Eastside first responders brush up rescue skills during trench training | SLIDESHOW

Shortly after 2 p.m. on Tuesday, crews from Redmond, Bellevue, Kirkland and Mercer Island fire departments responded to a call regarding a construction worker who was buried in a trench in the Rose Hill neighborhood of Kirkland.

Firefighters from Redmond

Firefighters from Redmond

Shortly after 2 p.m. on Tuesday, crews from Redmond, Bellevue, Kirkland and Mercer Island fire departments responded to a call regarding a construction worker who was buried in a trench in the Rose Hill neighborhood of Kirkland.

Once they arrived on the scene, the first responders found a car teetering in the corner of an L-shaped trench and an individual trapped under a pipe beneath the car.

The crews from the different cities worked together to get the person out without having the trench collapsing on them or the car falling further into the trench.


While this could have happened in real life, Tuesday’s incident was just a drill for the fire departments. The “trapped” individual was just a dummy. This was all part of a specialized, joint training exercise through the East Metro Training Group (EMTG).

EMTG was formed in 2012 to facilitate training programs for the fire departments of Redmond, Bellevue, Kirkland, Mercer Island and Northshore. The consortium was also designed to increase interoperability and reduce costs for citizens.

The current EMTG training, which takes place on publicly owned property at the southeast corner of 132nd Avenue Northeast and Old Redmond Road, will focus on trench rescue. In addition to the five cities in EMTG, fire departments from Bothell, Shoreline and Woodinville will also be participating in the training exercise.

Redmond Fire Department (RFD) Battalion Chief Ralph Ashmore said the training is part of annual refreshers they do to maintain the skills required for various types of calls. He added that when a call comes in, the units closest to the emergency respond — regardless of jurisdiction. Because of this, Ashmore said having everyone train together is important so they are familiar with each other’s equipment and techniques.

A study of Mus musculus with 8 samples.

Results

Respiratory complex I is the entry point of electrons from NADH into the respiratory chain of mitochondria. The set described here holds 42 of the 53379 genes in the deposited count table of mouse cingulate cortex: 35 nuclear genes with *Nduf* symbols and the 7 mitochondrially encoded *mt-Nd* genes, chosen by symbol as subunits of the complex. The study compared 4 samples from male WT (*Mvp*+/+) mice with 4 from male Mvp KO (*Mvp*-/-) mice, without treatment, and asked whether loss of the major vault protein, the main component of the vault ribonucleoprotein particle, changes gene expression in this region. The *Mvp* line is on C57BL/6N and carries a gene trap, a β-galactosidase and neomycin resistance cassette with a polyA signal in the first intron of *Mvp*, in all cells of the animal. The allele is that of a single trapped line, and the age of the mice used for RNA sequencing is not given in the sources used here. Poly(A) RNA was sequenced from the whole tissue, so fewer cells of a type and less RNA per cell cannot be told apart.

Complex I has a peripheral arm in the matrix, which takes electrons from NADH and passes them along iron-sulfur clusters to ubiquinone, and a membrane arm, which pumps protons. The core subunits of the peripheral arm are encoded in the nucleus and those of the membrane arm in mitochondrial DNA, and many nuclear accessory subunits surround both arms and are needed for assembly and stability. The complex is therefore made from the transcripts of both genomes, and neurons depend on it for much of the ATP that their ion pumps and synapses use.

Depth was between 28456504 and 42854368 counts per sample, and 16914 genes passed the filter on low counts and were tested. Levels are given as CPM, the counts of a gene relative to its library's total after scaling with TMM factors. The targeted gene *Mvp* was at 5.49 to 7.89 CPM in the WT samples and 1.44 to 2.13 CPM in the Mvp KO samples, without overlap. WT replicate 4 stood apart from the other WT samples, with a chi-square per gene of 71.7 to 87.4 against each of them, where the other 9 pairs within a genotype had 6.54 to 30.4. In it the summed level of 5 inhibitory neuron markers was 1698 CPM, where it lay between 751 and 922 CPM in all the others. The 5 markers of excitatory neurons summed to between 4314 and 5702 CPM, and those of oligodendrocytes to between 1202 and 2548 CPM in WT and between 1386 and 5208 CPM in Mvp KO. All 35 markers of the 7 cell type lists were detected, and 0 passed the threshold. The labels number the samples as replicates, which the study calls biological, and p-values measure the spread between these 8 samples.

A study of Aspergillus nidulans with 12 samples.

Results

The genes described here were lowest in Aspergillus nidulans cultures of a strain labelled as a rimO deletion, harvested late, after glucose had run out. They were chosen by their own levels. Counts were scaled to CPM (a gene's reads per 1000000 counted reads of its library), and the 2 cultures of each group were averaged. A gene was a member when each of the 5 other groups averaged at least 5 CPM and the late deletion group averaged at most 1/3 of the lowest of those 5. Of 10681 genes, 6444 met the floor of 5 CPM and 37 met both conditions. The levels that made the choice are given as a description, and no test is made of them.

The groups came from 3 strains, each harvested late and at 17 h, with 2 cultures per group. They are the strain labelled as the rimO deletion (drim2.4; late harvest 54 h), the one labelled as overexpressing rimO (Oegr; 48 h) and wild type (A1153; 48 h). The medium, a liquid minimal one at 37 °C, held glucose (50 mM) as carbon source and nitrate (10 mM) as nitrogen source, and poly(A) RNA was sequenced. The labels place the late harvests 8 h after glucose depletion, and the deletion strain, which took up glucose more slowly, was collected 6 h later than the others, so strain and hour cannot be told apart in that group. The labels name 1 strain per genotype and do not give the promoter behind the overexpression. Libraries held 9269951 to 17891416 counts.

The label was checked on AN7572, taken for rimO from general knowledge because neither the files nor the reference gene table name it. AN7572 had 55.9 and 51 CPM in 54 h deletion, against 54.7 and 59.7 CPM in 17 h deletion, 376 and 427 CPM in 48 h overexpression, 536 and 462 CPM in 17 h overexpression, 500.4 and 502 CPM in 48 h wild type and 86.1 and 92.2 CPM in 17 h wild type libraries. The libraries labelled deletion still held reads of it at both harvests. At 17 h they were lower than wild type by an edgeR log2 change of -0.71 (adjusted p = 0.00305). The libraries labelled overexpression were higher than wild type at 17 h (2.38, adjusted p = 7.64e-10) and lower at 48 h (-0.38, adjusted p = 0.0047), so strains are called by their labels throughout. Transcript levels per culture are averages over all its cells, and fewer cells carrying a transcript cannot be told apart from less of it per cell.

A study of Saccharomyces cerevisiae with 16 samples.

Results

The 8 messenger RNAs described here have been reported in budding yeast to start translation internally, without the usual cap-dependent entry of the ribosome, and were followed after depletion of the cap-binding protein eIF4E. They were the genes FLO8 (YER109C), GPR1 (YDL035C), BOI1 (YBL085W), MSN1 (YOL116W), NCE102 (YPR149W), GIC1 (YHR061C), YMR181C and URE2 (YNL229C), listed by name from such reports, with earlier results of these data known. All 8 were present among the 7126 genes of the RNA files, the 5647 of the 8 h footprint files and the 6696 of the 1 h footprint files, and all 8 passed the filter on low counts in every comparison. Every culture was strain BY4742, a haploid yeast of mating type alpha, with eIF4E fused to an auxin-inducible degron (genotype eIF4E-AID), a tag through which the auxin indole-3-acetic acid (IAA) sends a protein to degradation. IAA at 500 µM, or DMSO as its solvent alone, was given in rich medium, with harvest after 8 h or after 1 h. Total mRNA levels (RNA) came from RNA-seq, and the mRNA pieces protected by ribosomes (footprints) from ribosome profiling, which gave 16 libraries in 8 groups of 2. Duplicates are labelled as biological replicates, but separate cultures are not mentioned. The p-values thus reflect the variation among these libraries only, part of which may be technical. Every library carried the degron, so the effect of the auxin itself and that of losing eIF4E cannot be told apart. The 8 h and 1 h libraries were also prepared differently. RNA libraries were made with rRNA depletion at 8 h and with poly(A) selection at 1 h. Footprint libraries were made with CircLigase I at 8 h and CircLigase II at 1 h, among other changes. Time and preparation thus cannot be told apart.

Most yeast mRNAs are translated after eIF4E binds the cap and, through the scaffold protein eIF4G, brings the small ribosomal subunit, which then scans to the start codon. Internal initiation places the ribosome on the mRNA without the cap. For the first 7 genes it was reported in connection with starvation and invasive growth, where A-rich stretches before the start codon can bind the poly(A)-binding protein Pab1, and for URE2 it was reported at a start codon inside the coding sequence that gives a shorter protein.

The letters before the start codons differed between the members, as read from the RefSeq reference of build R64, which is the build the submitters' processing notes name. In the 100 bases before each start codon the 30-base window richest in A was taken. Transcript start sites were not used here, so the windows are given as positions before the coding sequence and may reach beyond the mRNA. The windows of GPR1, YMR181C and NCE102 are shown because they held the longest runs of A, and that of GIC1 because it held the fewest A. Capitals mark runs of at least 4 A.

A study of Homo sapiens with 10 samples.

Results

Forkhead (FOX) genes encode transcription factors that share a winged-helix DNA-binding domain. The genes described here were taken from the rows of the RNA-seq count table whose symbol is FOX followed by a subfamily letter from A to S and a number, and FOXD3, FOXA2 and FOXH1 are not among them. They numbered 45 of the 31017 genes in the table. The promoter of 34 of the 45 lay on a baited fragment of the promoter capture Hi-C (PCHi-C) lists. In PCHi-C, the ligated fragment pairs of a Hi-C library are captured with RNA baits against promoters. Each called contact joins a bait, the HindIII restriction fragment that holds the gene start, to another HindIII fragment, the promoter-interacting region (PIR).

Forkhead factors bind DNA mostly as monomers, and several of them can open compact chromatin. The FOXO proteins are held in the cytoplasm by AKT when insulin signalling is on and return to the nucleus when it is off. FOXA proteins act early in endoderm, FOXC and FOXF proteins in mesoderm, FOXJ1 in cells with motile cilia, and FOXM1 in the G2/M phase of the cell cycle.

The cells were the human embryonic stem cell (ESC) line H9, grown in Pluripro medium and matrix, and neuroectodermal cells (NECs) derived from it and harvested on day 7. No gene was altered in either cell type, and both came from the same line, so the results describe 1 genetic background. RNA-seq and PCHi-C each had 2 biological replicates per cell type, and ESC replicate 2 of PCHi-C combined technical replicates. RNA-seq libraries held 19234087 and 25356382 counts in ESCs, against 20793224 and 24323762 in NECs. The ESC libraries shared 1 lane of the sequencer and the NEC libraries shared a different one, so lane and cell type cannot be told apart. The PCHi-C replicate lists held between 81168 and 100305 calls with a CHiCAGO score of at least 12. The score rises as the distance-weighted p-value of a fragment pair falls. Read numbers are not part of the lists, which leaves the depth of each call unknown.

“It just makes the calls so much better,” he said.

Ashmore added that no single department is big enough to tackle such a call on its own without compromising service in other areas of its jurisdiction.


This month’s training exercise specifically prepares firefighters for incidents involving trenches created in regional roadways and on construction sites to install underground utilities such as water and sewer piping, natural gas pipelines or electrical wiring.

RFD Capt. Don Sanderson said technical rescues such as these are about critical and creative thinking and require the battalion chief in charge, as well as the rest of the first responders, to think about the big picture.

The region’s fire departments have been holding these exercises for several years — long before EMTG was formed — but Sanderson remembers responding to a call in the mid to late 1990s in which part of a dirt wall caved in, trapping a construction worker, before he received any specialized training.

It was while parts of the Microsoft Corp. campus in Redmond were still being constructed and Sanderson was one of the firefighters to dig the construction worker out of the hole. He said this particular rescue was actually an excavation, meaning the hole is wider than it is deep (a trench is the opposite), but the techniques are similar to those for a trench rescue.

He said looking back, if he were to do it all over again, he would put up some shoring — wooden boards used to line a trench wall, stabilized with air-pressurized aluminum struts — to prevent the dirt walls from caving in again. Sanderson, who is acting as a drill master and oversees the exercises when the firefighters run through the drills, said back then, they didn’t have any shoring and they were very lucky no additional people were hurt during the rescue.

“If (the wall) collapsed once, it could collapse again,” he said about the risks of a trench rescue.


The drills the fire departments have been running have been about an hour and a half long, but Mercer Island Fire Department Battalion Chief Les Kenworthy said a real-life situation can take up to three or four hours. This is because in a real trench rescue, there may be other factors that may lead first responders to choose to wait before extracting a trapped individual.

In addition, the drills have had between 20-25 first responders working the rescue. In an actual rescue, the initial response team would consist of about 20 first responders.

The fire crews with their apparatuses will be conducting training exercises at the site from 9 a.m. to 4 p.m. several days per week, through July 24. Apparatuses include ladder trucks, rescue trucks, fire engines, aid cars and medic units.

For safety reasons, the site is closed to non-fire department personnel without a prearranged escort.